Some cattle seized under animal protection laws in Saskatchewan last winter were sold in error.
According to Livestock Services of Saskatchewan, which conducts brand inspections, three owners will be compensated after their animals were sold along with those owned by the person from whom they were seized.
President Jason Pollock said a complex ownership structure and lease agreements, combined with a short time frame under which Animal Protection Services of Saskatchewan operates, led to the problem.
“The deadlines that they’re (APSS) under within their legislation don’t always allow for the full gamut of ownership clarity to be there,” Pollock said in an interview last week.
He said multiple groups of cattle were returned to their rightful owners after they had been seized but the others slipped through.
Under the province’s animal protection legislation, cattle are held for five business days to give the owner time to put corrective orders, such as providing enough feed and water, in place.
If that doesn’t happen, the animals are sold to recover costs of the seizure.
APSS executive director Don Ferguson declined comment other than to say, “Animals were sold at auction in accordance with Section 17(1) of the Animal Protection Act.”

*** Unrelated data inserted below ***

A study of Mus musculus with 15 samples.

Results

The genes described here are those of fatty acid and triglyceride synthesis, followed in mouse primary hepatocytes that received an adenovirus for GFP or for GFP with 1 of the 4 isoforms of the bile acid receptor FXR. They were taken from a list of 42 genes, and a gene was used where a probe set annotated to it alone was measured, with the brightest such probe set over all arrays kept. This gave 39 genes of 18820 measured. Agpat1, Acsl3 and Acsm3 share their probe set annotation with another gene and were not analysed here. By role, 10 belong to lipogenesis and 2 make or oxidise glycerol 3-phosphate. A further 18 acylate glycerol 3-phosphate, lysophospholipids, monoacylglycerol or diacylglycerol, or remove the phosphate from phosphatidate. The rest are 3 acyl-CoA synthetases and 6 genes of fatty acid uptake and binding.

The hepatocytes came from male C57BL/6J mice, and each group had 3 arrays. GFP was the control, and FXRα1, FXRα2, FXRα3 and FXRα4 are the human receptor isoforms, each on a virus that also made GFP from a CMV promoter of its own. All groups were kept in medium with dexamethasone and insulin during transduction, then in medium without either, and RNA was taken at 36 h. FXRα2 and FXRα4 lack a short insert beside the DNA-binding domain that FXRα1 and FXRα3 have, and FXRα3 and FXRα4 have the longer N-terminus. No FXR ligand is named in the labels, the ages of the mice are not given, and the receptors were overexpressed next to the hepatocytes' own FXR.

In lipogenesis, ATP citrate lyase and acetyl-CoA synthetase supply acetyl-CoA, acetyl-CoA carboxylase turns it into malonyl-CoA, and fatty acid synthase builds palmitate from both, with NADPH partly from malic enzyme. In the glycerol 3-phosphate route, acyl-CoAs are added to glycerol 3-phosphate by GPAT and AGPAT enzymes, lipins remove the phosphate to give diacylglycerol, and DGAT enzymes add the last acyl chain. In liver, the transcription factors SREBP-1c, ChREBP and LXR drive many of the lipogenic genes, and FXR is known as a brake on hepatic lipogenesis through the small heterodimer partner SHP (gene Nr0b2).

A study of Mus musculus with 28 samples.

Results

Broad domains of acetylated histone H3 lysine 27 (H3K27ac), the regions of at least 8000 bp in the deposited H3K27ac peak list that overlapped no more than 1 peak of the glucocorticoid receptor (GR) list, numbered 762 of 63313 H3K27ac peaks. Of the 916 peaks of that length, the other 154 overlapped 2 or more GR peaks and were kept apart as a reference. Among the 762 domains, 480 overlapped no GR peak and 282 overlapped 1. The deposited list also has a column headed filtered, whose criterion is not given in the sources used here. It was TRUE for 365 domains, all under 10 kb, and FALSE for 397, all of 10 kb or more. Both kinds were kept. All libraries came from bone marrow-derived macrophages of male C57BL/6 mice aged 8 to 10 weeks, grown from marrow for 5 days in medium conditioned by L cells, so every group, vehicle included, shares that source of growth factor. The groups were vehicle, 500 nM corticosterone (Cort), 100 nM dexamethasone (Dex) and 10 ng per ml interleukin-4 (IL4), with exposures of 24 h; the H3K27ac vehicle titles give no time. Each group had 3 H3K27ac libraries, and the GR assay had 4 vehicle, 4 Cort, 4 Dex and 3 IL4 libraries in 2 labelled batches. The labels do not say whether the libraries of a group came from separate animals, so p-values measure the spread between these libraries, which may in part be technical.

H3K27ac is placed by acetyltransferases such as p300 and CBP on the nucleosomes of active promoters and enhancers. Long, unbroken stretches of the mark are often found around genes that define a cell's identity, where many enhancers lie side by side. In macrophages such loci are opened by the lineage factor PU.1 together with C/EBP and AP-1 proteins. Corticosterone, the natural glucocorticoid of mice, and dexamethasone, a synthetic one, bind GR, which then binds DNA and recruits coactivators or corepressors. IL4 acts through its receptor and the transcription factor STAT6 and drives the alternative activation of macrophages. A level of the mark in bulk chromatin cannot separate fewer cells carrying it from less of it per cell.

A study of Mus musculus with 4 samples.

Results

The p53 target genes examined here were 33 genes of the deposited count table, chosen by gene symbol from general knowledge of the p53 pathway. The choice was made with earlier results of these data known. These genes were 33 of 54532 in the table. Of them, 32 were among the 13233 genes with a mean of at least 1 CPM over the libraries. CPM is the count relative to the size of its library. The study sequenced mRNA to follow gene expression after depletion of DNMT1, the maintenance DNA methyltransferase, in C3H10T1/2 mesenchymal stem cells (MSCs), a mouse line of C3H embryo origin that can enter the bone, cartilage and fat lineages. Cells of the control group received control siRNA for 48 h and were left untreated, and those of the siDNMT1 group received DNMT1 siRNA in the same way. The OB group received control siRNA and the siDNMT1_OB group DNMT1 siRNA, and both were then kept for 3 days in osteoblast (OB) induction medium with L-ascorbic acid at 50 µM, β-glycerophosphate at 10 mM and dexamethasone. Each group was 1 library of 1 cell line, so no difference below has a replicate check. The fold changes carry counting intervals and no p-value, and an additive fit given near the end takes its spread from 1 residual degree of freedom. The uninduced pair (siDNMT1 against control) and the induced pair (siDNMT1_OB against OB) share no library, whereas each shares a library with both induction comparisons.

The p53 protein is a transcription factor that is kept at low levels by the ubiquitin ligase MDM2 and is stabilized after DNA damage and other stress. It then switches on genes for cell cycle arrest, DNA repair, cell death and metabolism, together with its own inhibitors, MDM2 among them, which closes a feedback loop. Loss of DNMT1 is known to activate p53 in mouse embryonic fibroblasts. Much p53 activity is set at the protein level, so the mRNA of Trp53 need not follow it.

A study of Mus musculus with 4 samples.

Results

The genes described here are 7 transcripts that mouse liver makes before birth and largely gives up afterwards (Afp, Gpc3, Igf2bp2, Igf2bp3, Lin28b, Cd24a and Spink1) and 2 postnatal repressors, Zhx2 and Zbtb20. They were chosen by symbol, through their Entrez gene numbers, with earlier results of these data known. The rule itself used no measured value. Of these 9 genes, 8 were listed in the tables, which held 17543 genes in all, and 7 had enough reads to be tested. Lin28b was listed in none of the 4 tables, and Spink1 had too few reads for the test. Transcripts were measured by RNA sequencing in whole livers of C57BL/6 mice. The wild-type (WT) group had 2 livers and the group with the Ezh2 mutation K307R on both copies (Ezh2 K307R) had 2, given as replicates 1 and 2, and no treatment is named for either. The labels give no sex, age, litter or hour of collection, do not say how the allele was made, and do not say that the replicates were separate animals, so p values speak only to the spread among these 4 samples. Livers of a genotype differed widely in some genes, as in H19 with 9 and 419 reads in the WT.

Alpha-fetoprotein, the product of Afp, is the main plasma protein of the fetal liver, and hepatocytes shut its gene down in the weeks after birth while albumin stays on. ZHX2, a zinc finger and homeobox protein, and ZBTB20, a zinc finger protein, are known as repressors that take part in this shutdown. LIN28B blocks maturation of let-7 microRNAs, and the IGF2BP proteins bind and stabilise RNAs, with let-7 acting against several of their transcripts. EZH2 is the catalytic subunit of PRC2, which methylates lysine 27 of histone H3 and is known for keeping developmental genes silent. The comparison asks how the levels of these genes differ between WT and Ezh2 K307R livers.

LSS operates under the Animal Products Act, which allows cattle to be detained.
Pollock said the laws don’t need to change because this situation was extraordinary.
“In our discussions subsequent to this we’ve amended some of our procedures,” he said. “We’ve gained clarity on what to do when there is some question about ownership.”
And, he said greater communication between animal protection services and livestock services will help in future.
Meanwhile, charges are pending in at least one of the two large seizures last winter but RCMP could not confirm when that would happen.
In February, more than 300 head were seized from a farm near Stoughton. Later that same month, 131 animals were removed from a Lampman operation where 16 other animals were found dead.
In the latter case, the person looking after the cattle on behalf of three other people, took APSS to court alleging the search of the property and animal seizure were illegal. The application was dismissed.